Nov 2, 2021

Jack didn’t bother to use a condom properly, which I was too inexperienced to realize. Not only would he wait until he’d completely lost his erection to remove it, he’d wash it out and use it again, which made what happened next practically a foregone conclusion.

When I discovered I was pregnant, I sank into an even deeper depression. With no way I could see to support a child, I would have to give it up for adoption, but without a support system, carrying it to term felt like more than I could do.

Despite my despondency, I do remember standing in front of the mirror in the bathroom one afternoon and stroking my belly, thinking, “There’s a new life growing inside me,” and feeling, however fleetingly, what a miracle that was. Actually, I regarded myself as such a failure at the time it seemed all the more miraculous that I, of all people, could be carrying a child.

Nevertheless, I scheduled an abortion at the local clinic. Later I would comfort myself with the thought that many pregnancies end in miscarriage and maybe mine would have too, or by telling myself that there was no guarantee that adoptive parents would be good parents and that my child might have wound up suffering as much as I had.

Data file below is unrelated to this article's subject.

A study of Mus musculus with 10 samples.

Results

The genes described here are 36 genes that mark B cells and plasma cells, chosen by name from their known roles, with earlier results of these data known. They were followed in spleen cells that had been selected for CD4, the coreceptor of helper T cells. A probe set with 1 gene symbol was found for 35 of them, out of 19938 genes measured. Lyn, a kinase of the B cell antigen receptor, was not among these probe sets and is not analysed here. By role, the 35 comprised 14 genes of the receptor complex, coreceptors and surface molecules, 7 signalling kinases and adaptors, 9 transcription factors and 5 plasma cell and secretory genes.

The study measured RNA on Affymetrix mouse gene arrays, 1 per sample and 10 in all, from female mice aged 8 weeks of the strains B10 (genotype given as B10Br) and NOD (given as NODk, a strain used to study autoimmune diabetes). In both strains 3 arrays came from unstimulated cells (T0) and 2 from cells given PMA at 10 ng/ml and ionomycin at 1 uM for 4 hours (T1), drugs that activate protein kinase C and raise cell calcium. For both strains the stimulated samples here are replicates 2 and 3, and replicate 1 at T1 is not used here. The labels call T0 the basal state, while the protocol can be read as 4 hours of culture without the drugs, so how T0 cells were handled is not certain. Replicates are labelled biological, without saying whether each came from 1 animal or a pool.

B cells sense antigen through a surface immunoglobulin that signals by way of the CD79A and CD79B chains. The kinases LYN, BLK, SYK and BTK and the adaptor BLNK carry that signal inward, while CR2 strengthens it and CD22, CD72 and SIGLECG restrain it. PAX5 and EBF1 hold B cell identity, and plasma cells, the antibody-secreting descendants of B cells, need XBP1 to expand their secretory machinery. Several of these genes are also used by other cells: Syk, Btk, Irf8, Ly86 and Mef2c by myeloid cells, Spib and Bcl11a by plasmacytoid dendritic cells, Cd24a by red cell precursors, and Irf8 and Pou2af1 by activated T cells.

In later years, though, I felt if I were to get pregnant again, I wouldn’t choose to have another abortion, and I’d grieve whenever I thought about the child I might have had.

And here I would like to add that I believe abortion is such a deep, personal issue for a woman that the state has no right to interfere. Besides, the human race has already overrun the planet, driving a mass extinction of all else that lives, despoiling and destroying the natural world on which our own future existence depends. To me, those who call themselves pro-choice, are pro-lifers in the broadest sense.